CrowdFunding Reward Popularity, Sample Rewards and planning road map

posted Apr 4, 2013, 3:38 PM by David Khorram

CrowdFunding Reward Popularity, Sample Rewards and planning road map 

Most Popular Reward is $25.00  but do not lose track of $100 rewards . 



Offer something tangible: “Rewards can be a powerful incentive that convert people to fund and support your project,” says Kulik. For now, unless you’re an accredited investor it’s not legal to offer debt or equity in a company so you need to provide some other reward: a product or service in exchange for the money you receive. Have different rewards that are commensurate with the level of support given. While the average contribution on Rockethub is $75, you need to offer a variety of pricing options below and above that.

Offer Rewards of Real Value: I know, I know: How do you know anything is of value until your project funds? That's part of the trick, but really, if your project is valuable enough for you to attempt to make, then it logically follows that its parts connote an inherent value of their own. Scripts, props, on-camera appearances… you name it. In any case, as alluded to above, make sure that the value proposition favors you.

For dramatic features, it costs nothing to factor in personalized character names, walk-ons or cameos. (Just make sure you stipulate to any interested backers that they are responsible for travel.) For documentaries, you can send those aforementioned postcards from the road, offer work-in-progress screenings, or arrange a Skype or FaceTime group meeting with you and a subject. The makers of the buzzy indie doc Bronycon offered to interview two $5,000 backers in their film, while the makers of the "Victorian ghost story puppet film" The Mill at Calder's End will hand off some of the movie's puppets after production. Director Jennifer Fox offered artwork, jewelry and even a Tibetan chest to backers of her film My Reincarnation.

Nail a $25 reward: The $25 pledge is generally regarded as the most popular on Kickstarter, Indiegogo and most other crowdfunding sites. It's a modest, low-risk commitment for a backer who's intrigued enough to eventually want to watch your project but not intrigued enough to bid on a speaking part or some other top-shelf perk. Kickstarter success stories from the microbudget feature Paper Dreams to Charlie Kaufman's Anomalisa to the series Tornado Chasers all offered digital downloads of the completed projects at their $20 or $25 price points -- statistically, anyway, the runaway favorites of the rewards offered. The upside is twofold: The more backers you get here, the likelier your campaign is to sustain its visibility among crowdfunding site admins (who can feature you on their home page) and prospective backers alike. Better still, you can allocate more of your revenue to creation and distribution instead of filling time-consuming orders for expensive swag and other gimmicks.

Sample Rewards

When weighing reward prospects, be sure to research similar projects to see what resonates with fans. The overall distribution makeup and the individual items’ respective contributions to the campaigns’ bottom line are important to keep in mind. The following are example rewards you might consider offering:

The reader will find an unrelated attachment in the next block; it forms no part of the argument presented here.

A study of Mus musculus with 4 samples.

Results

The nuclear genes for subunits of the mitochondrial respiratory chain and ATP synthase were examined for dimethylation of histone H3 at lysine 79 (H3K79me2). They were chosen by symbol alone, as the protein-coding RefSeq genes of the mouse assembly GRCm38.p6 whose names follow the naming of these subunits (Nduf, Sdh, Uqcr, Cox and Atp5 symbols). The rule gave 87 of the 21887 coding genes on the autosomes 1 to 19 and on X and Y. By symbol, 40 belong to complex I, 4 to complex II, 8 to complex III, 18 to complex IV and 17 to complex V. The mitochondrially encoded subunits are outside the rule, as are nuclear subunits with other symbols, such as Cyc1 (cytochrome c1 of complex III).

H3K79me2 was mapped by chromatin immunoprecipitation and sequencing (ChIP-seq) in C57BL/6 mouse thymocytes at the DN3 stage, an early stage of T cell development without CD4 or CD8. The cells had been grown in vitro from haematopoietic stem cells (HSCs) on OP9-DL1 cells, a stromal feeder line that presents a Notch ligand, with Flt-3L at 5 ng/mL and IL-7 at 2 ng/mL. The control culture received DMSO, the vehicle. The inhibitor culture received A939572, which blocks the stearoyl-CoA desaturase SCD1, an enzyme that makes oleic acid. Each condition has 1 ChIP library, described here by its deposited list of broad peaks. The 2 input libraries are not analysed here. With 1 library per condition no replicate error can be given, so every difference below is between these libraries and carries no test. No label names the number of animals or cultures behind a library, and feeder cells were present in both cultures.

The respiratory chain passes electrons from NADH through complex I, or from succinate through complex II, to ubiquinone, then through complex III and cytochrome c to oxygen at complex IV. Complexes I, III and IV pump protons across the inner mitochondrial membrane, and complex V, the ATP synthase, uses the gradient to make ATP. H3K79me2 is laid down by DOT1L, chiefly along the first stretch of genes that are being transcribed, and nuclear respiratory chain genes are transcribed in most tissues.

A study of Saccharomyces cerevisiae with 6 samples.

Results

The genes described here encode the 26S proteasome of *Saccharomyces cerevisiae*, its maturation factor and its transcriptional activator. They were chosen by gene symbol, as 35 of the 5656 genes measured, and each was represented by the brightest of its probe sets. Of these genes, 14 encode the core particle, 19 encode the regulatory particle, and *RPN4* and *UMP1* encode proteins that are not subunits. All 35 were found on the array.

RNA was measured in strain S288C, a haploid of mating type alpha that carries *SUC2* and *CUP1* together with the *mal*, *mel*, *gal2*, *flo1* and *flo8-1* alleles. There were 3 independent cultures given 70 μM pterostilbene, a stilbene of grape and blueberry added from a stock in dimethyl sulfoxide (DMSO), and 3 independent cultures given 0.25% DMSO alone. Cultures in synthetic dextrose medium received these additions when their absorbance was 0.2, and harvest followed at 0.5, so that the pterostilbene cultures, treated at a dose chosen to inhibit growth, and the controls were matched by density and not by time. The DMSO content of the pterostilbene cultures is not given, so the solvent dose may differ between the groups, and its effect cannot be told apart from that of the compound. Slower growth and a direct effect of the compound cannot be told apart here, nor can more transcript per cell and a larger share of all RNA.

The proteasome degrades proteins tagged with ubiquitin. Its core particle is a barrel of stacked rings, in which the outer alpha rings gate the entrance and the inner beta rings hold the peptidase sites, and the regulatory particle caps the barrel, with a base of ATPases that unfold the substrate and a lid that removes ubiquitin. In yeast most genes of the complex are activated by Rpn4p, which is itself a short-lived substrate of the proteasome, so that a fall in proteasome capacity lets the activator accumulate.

• The product itself. A copy of the item in question—and, potentially, one sold for a limited time at a steep discount. Be sure to calculate any associated costs and figure them into your pricing structure and funding goals.
  • Advanced or early access to the product or service. This may include advance entries for backers to prototype testing programs.
  • Enhanced versions of the product. For instance, autographed, deluxe, director’s cut and collector’s editions.
  • Merchandise and souvenirs. Besides “making of” books and autographed materials, you might offer posters, stickers, t-shirts, caps and other items that commemorate the project.
  • Behind-the-scenes photos, videos, and booklets. Items that show the people, concept work and other elements featured within the project—especially if there is a large visual component to it.
  • Opportunities to affect the project’s eventual outcome. Some film, book, music, TV, theater and video game projects allow backers to suggest how stories develop, the contents included in the finished package, and featured subjects or locations.
  • Making your backers part of the product. Several creative projects allow backers to be a character within the narrative, soundtrack or action itself.
  • Giving contributors credit. It’s always a good idea to thank your backers, but sometimes there are ways to do so publicly: within the product itself (e.g. Liner notes, book, or game credits) or at surrounding events. Be generous with donors.
  • Combined rewards. These rewards combine several other rewards into one or bundle several pricing tiers worth of incentives together. Many successful campaigns use an “all of the above” strategy, offering simple rewards at lower tiers and then add extras on top of them.
  • Exclusive access. Chances to meet people who are part of the creative team behind various projects or related notables (e.g. Actors, directors, musicians, artists, online celebrities, etc.).
  • Private parties, events, and occasions. Some projects offer special events as a reward to donors—usually at the highest pricing tiers. These may include invitations to exclusive launch parties, private events held in backers’ honor or private concerts.